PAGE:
The Monastery of Huejotzingo in Puebla is one more of the Mexican treasures declared World Heritage.


Tourists frequently visit places that are declared World Heritage because they’re representative of humanity and, at the same time, uniqueness. Today DINKtravelers wants to tell you about Huejotzingo, in Puebla, a town where you’ll find one of the first convents that were built in Mexico after the Spanish conquest.

After the conquest, several religious orders arrived in the territory. The first of them were the Franciscans. Soon after their arrival, they built four convents, and one of them was the Monastery of San Miguel Arcangel in Huejotzingo.


Your tour to Huejotzingo must begin at the Monastery of San Miguel Arcangel because early in the morning light filters through the building’s arches and patios creating beautiful colors that you won’t find at any other time in the day. This convent was founded in the early 16th century, although the construction you will see possesses elements that were changed or added in later years. This convent located in the foothills of the Popocatepetl volcano is listed as World Cultural Heritage, and it certainly deserves that recognition, since it’s a monumental, artistic and historic well-preserved construction.

You should know that the building houses The Missions Museum, where you’ll find objects that were used to carry out the missions in the region. The most extraordinary thing is that it’s located in the same building where the friars carried out this task.

In this convent you’ll be able to see most of the areas as they were originally, so you’ll learn about life in colonial times. Also, you’ll get the chance to see magnificent mural paintings that portray both religious and historic characters.

Don’t miss the chance to visit the temple, where you’ll find one of the biggest altarpieces in México. Take into account that New Spanish altarpieces, which were huge and elaborated in gilded wood, are examples of the great artwork painters, carpenters and engravers created in those days.

Another attractive element in this building are the posa chapels and the quarry stone cross in the atrium. The former are small roofed chapels located on each corner of the temple’s front yard (the atrium). They are decorated with high relief elements that are rich in detail. On the other hand, the quarry stone cross is also decorated with high relief and it shows that religious New Spanish art was influenced by indigenous imagery because it was precisely the indigenous artisans who usually built them.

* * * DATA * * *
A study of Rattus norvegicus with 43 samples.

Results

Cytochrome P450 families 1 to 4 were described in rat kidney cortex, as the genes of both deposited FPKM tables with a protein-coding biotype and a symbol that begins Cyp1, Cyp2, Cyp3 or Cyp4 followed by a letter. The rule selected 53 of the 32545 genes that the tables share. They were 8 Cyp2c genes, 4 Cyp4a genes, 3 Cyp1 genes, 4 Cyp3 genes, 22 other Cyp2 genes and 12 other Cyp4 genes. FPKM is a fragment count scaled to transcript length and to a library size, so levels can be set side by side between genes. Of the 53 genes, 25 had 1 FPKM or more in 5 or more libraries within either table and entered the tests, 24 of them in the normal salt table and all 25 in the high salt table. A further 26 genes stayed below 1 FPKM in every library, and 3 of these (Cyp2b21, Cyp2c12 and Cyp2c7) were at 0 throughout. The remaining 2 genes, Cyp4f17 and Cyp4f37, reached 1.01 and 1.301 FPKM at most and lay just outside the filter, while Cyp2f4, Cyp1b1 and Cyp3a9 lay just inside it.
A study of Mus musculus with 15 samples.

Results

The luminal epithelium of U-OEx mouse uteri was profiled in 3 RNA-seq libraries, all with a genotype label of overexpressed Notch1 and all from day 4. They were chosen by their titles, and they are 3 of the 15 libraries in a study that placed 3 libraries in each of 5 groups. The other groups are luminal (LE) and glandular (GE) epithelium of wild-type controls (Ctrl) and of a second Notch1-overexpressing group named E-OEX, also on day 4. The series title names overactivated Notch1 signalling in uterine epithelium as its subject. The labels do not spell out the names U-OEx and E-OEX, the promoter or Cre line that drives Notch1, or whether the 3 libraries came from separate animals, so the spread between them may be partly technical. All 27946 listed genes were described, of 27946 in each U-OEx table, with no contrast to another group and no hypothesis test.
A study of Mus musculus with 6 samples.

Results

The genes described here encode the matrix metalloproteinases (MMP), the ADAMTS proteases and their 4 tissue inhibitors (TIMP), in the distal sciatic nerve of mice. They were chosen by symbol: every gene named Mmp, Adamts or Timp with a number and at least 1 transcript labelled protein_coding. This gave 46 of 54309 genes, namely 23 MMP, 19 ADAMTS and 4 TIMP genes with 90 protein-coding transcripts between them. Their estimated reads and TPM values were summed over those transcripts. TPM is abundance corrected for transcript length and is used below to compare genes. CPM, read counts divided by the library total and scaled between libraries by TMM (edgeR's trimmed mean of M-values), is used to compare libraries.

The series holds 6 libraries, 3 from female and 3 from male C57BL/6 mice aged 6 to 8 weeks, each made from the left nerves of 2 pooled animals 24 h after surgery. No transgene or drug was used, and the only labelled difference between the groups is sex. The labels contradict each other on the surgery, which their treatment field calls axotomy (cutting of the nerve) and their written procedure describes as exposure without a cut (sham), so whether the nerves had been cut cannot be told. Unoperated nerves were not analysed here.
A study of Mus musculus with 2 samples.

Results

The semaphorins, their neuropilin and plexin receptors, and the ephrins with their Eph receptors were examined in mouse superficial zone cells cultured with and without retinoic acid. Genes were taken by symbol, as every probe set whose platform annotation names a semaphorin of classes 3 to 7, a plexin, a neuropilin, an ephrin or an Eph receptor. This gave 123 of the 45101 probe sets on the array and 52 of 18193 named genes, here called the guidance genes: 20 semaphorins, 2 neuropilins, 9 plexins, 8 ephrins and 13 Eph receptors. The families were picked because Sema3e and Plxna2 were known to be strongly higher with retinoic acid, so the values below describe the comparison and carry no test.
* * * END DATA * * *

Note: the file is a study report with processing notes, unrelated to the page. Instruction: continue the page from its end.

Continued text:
Even though the convent is the main attraction in Huejotzingo, it doesn’t mean that it’s the only one. Behind the convent you can find the arcade –an aqueduct that was also built by the Franciscan friars and that carried water to the convent as well as to the rest of the town. This hydraulic work of engineering will be a perfect subject for your pictures.

Continue along the arcade and you’ll find another interesting construction in Huejotzingo, far more modern than the convent: the Lady of Carmen Church. It was built in gothic style, something that’s definitely not common in Mexican towns, and the best time to visit it is at night, when it’s illuminated and its colorful, white and gold decorations truly stand out.


You can visit Huejotzingo any time of the year, but if you go in February, you’ll probably arrive when the famous Carnival of Huejotzingo begins. During this celebration, you’ll see thousands of huehues, masked men who are richly dressed and perform in street plays.

On the other hand, if you travel in August, your visit will coincide with the Chile en Nogada celebration in Calpan, a town that is located only a few miles away from Huejotzingo, and where they prepare some of the most delicious versions of this famous Mexican dish.

Another option, if you choose to travel in July or all through September, is to visit the factories that produce cider. This is the cider apple trees harvest season, which culminates with a huge Cider Festival at the end of the year. Buy several bottles of cider from Huejotzingo if you want an organic souvenir –no chemical ingredients are used in its elaboration process.

As you can see, there are plenty reasons why you should visit Huejotzingo in your next trip to Puebla.